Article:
Thursday, May 4, 2006

Fern Hill

English Lit Class #1 didn't work out, but we got to have the whole class period for Dylan Thomas in English Lit Class #2. When it was over, I felt like I was on the most delicious high. "Fern Hill" just does that to me. I also played a recording of Thomas reading "Do Not Go Gentle" (which we'll discuss on Day 2 tomorrow). When the class was over and everyone had left, all I could think was how good I felt and things like ilovedylanthomasilovedylanthomasilovedylanthomas, etc.

So that you, too, dear readers, can experience my rhapsodic mood, here's "Fern Hill," by Dylan Thomas (whom I love, in case you didn't know), for your reading pleasure. Best enjoyed if read aloud.


Now as I was young and easy under the apple boughs

About the lilting house and happy as the grass was green,

The night above the dingle starry,

Time let me hail and climb

Golden in the heydays of his eyes,

And honoured among wagons I was prince of the apple towns

And once below a time I lordly had the trees and leaves

Trail with daisies and barley

Down the rivers of the windfall light.

And as I was green and carefree, famous among the barns

About the happy yard and singing as the farm was home,

In the sun that is young once only,

Time let me play and be

Golden in the mercy of his means,

And green and golden I was huntsman and herdsman, the calves

Sang to my horn, the foxes on the hills barked clear and cold,

And the sabbath rang slowly

In the pebbles of the holy streams.

All the sun long it was running, it was lovely, the hay

Fields high as the house, the tunes from the chimneys, it was air

And playing, lovely and watery

And fire green as grass.

And nightly under the simple stars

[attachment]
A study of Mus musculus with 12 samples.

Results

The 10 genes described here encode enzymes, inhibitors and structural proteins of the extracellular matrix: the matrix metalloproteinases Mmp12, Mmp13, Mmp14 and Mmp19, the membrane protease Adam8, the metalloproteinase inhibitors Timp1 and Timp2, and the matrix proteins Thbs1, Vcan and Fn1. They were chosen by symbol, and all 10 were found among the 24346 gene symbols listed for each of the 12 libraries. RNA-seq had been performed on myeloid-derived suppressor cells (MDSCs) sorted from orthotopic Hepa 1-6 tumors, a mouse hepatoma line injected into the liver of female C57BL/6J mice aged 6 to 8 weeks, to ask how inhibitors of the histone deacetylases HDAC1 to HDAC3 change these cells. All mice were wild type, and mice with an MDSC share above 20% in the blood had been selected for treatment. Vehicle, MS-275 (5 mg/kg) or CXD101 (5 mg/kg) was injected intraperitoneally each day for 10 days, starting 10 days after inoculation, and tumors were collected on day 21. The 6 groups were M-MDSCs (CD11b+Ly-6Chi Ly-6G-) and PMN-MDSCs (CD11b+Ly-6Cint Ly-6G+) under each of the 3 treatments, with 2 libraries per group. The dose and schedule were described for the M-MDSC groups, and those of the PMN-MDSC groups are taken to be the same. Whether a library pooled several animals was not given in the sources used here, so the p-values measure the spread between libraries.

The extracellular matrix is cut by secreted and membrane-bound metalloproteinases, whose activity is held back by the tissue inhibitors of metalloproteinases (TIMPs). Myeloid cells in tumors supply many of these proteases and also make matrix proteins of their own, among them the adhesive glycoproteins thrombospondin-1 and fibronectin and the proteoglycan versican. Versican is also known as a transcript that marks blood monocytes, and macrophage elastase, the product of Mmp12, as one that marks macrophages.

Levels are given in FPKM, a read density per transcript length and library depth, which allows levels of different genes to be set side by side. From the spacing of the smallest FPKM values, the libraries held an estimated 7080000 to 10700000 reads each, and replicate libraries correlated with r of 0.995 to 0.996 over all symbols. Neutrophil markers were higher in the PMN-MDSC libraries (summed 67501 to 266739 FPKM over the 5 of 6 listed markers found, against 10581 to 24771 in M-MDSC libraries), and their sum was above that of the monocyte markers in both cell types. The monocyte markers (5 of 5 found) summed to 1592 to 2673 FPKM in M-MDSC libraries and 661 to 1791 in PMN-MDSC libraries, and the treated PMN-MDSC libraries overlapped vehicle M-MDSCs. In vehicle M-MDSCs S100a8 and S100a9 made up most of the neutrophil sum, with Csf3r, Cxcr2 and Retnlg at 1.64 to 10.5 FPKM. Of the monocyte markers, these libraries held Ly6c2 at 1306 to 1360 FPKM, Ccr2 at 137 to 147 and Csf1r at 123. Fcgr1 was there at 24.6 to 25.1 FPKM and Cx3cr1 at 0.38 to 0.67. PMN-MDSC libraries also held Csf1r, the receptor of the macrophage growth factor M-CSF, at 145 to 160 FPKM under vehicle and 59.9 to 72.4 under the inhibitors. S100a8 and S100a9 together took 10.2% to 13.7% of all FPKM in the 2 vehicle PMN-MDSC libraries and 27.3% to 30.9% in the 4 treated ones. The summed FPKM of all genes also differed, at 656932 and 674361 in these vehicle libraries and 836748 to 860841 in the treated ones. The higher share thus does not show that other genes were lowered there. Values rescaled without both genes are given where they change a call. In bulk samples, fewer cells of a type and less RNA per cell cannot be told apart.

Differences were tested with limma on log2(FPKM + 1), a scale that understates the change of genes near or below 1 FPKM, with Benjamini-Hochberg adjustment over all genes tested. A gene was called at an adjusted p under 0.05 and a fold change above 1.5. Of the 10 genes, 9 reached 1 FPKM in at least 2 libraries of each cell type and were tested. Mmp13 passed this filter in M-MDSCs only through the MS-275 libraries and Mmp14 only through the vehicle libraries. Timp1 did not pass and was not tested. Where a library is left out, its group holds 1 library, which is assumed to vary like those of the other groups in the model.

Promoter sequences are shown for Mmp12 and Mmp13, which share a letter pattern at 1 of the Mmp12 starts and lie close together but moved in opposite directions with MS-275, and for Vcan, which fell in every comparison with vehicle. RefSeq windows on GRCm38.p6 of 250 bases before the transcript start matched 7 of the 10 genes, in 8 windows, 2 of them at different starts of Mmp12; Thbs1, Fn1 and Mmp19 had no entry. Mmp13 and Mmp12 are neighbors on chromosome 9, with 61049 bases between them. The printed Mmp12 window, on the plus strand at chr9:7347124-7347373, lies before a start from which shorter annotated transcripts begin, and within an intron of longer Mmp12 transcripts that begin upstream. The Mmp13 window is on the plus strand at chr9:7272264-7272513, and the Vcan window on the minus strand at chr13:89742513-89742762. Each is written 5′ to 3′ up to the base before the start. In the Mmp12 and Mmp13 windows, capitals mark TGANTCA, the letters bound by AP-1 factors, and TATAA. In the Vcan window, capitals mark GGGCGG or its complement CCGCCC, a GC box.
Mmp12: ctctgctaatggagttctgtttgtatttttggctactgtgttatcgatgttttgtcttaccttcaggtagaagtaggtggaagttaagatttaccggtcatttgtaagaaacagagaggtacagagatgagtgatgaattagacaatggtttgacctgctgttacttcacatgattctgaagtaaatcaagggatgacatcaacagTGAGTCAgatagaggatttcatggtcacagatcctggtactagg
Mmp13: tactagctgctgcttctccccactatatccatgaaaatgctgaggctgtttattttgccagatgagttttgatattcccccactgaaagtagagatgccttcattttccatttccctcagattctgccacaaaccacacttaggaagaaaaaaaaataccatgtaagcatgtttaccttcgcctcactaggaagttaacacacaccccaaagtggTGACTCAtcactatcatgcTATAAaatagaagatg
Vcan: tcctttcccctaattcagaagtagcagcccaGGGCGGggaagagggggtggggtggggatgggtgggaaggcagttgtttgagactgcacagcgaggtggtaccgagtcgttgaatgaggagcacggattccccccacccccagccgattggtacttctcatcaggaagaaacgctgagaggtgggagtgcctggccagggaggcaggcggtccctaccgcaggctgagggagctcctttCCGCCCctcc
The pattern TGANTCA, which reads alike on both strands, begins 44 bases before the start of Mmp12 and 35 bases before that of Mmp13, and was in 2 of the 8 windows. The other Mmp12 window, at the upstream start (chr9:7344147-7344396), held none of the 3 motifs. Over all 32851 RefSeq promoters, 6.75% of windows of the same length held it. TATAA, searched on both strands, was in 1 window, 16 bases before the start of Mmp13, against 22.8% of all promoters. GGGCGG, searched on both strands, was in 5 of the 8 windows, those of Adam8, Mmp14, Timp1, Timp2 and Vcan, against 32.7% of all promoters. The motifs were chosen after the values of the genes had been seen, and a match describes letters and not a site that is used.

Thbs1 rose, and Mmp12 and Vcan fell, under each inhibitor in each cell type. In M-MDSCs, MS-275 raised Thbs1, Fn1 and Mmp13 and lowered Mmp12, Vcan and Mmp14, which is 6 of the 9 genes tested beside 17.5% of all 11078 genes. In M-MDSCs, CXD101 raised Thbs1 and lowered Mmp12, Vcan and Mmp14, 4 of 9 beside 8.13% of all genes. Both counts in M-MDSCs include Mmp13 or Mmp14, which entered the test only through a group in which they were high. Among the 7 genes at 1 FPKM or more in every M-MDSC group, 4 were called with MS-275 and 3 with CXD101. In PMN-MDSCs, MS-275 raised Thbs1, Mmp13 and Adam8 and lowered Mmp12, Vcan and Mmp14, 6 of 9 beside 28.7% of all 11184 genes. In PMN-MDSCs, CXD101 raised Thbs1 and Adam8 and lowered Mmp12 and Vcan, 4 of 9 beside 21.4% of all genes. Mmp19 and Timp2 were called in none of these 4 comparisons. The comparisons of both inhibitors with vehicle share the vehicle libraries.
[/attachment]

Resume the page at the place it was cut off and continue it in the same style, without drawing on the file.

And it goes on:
As I rode to sleep the owls were bearing the farm away,

All the moon long I heard, blessed among stables, the nightjars

Flying with the ricks, and the horses

Flashing into the dark.

And then to awake, and the farm, like a wanderer white

With the dew, come back, the cock on his shoulder: it was all

Shining, it was Adam and maiden,

The sky gathered again

And the sun grew round that very day.

So it must have been after the birth of the simple light

In the first, spinning place, the spellbound horses walking warm

Out of the whinnying green stable

On to the fields of praise.

And honoured among foxes and pheasants by the gay house

Under the new made clouds and happy as the heart was long,

In the sun born over and over,

I ran my heedless ways,

My wishes raced through the house high hay

And nothing I cared, at my sky blue trades, that time allows

In all his tuneful turning so few and such morning songs

Before the children green and golden

Follow him out of grace,

Nothing I cared, in the lamb white days, that time would take me

Up to the swallow thronged loft by the shadow of my hand,

In the moon that is always rising,

Nor that riding to sleep

I should hear him fly with the high fields

And wake to the farm forever fled from the childless land.

Oh as I was young and easy in the mercy of his means,

Time held me green and dying

Though I sang in my chains like the sea.

The students smiled all the way through class. Either they love Dylan Thomas, too, or they were amused at the way really good poetry sends their all-work English teacher into a strange state of happy, playful, manic overdrive.

Yep. It's the latter. Oh well. If they've learned nothing else this year (and they've learned plenty), they've learned the Waterfall does indeed love poetry. And Bach. (That last thing has nothing to do with this post. But it's been so long since I mentioned Bach, I thought now was just as good a time as any to do it.)